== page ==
The company wants to erect interactive mirrors in its stores too enhance the shopping experience. The feature is already being modeled at the Rebecca Minkof store in New York and San Francisco with other partnerships in more cities in the pipeline.
When walking into the store, shoppers are greeted with large mirrors that double as touchscreens. No longer will it be a must to physically search for clothes whilst messing up neatly packed clothes and trying to reach for an item whilst another shopper stands between the two of you. Here a shopper can swipe through the store’s entire catalogue. Tap what you want to try on and order a drink whilst you wait. Once all the items you want to try on have been arranged and laid out for you in the fitting room, a shopper gets a text alert.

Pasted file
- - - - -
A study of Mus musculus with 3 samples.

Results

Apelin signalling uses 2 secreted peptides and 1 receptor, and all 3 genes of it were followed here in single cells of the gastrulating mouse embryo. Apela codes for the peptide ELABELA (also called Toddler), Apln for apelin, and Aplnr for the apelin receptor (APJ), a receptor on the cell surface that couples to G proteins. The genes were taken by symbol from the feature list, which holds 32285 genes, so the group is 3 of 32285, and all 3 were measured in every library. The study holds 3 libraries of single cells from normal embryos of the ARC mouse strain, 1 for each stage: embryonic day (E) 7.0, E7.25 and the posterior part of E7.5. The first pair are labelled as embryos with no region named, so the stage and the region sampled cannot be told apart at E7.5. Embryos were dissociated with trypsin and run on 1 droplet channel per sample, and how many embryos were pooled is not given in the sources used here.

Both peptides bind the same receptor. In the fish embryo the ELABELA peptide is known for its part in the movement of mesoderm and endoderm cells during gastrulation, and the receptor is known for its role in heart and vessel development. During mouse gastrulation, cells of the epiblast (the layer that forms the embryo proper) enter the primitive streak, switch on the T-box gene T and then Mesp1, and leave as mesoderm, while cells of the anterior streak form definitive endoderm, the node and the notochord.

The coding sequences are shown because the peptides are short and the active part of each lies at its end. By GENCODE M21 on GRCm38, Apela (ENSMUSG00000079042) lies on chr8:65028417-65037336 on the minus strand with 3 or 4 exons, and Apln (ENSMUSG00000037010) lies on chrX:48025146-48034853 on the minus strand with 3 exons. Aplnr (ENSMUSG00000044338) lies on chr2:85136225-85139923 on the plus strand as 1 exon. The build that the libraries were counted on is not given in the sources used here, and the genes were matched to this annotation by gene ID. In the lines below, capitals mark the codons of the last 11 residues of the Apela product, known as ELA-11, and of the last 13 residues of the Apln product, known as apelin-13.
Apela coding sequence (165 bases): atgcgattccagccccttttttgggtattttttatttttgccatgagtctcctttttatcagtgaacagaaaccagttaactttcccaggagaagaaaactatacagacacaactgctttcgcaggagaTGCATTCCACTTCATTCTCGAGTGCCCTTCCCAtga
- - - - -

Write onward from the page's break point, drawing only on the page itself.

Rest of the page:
In the fitting room, another mirror awaits that too doubles up as touchscreen. When you are fitting an outfit, a shopper can adjust the lighting to see how the outfit would look in different settings. The wind test does not seem to exist unfortunately. If a white dress you thought looked great on you but once you change the light settings looked horrible or it does not fit you right, changing to another colour is simple. Swipe on the touchscreen, and tap a new one with all the specifications you want. The item will be brought to the fitting room for you. When an outfit passes the beauty test under all the light settings then you can pay with a PayPal account.
The fitting room also turns into your personal stylist by suggesting accessories that can go with your outfit. It does this by recognising the outfit by use of a RFID tags that are on the clothes. And all the choices you make, whether you buy the item or not, it is saved to your profile so that later you can easily view your profile and purchase the item.
Except for that eBay also tracks individual shoppers’ behaviour with cameras which already happens in stores anyway with all those cameras, the convenience here is that the store wants to know your style better instead of wanting to catch you out stealing its clothes.